Passwords Are Killing Us
The password won’t die, but it’s killing us.
That was the message this morning from Jeremy Grant, senior executive adviser, National Strategy for Trusted Identities in Cyberspace (NSTIC), at the Global Identity Summit in Tampa. Estimates put the blame for 76 percent of network intrusions on weak passwords. Beyond security, they also affect commerce, as the majority of customers will leave websites rather than create accounts. Passwords are not beloved and are not doing us any favors, Grant explained.
Strong credentials that people trust will unlock new government and private sector activities. A trust gap is developing in regard to how personal information in the digital world is shared, stored, bought and sold. As that grows, fewer people will feel confident conducting business online, and organizations can offer less to their user bases. What NSTIC wants to see is users already having secure, non-password credentials when they arrive at websites. Barriers to such technology go beyond security to include usability, liability, privacy, business models and interoperability. Ultimately, the strategy is designed to catalyze the marketplace so Americans can choose better identity-authentication solutions.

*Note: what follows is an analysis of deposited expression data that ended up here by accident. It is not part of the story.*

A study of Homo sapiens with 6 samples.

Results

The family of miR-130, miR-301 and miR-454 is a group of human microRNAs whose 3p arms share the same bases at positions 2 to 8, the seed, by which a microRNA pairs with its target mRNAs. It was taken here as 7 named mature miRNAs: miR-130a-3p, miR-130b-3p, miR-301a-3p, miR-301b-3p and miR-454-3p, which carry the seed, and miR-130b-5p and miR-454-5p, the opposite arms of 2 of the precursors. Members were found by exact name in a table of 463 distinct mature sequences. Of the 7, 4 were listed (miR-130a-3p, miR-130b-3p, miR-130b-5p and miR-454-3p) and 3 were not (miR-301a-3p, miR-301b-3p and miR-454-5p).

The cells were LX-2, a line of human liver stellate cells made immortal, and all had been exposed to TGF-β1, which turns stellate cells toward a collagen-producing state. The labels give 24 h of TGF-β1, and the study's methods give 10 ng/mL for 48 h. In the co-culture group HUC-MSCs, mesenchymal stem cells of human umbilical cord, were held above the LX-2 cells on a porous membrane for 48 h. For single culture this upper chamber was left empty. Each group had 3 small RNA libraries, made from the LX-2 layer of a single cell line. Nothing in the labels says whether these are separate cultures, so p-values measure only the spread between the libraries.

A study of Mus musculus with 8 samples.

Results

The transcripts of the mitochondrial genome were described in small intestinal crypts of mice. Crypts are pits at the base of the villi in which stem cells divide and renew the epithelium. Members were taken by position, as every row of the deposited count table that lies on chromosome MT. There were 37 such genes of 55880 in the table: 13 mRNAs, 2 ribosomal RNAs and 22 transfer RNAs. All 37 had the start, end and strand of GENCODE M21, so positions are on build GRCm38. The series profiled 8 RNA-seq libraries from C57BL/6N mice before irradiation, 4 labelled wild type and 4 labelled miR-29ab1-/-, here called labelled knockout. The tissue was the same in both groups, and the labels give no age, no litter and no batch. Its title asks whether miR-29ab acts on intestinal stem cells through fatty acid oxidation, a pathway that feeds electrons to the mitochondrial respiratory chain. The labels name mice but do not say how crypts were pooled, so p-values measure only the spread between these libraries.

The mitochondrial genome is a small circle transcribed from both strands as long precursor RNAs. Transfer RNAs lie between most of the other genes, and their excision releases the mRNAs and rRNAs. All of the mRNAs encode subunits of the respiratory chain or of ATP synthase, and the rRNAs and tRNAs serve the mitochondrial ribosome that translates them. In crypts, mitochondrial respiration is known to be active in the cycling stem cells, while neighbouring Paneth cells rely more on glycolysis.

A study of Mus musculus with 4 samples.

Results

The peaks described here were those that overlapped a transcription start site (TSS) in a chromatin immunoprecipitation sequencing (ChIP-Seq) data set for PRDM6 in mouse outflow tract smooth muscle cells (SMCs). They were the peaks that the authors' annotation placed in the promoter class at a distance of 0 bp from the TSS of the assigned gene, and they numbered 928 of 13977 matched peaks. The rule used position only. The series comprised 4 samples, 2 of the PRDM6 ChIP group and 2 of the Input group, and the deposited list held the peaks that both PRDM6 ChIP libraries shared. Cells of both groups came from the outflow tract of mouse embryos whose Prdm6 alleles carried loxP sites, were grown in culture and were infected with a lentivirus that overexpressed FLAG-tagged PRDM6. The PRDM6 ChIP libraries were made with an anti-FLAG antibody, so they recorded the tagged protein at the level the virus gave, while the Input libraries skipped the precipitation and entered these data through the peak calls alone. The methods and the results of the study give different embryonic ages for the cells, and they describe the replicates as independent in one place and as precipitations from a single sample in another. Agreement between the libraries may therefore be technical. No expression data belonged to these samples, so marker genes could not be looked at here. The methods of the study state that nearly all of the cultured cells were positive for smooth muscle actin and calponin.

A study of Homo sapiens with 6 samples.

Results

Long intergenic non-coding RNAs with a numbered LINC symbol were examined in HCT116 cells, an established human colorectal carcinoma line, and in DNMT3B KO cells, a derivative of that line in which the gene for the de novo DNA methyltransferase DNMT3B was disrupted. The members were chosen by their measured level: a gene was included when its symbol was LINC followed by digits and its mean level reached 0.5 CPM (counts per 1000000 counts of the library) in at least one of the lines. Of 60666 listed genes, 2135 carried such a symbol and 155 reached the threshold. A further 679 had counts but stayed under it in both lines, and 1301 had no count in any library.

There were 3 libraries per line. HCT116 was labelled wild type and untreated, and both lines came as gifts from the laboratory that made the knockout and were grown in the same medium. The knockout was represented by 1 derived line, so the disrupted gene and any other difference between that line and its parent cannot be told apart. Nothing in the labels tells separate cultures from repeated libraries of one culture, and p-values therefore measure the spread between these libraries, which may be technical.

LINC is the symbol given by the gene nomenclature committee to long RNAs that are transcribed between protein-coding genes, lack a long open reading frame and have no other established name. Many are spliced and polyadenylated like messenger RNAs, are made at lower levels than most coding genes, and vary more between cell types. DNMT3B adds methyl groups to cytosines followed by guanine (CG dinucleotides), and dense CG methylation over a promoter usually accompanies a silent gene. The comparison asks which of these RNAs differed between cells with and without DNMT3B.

Progress already has been made as two-factor authentication is proliferating online. The Identity Ecosystem Steering Group, established by NSTIC and founded in 2012, now has more than 200 organization members, more than 60 individual members and multiple members from advocacy groups, university and international contingents.
Pilot programs initiated by NSTIC have resulted in technologies that protect financial services and health care. Other efforts include protecting veterans by allowing them to apply for services without using identifiers such as their DD Form 214 and enabling parents to protect their children’s online identities. More than 140 universities deploy a smartphone-based multifactor authentication technology developed through another pilot.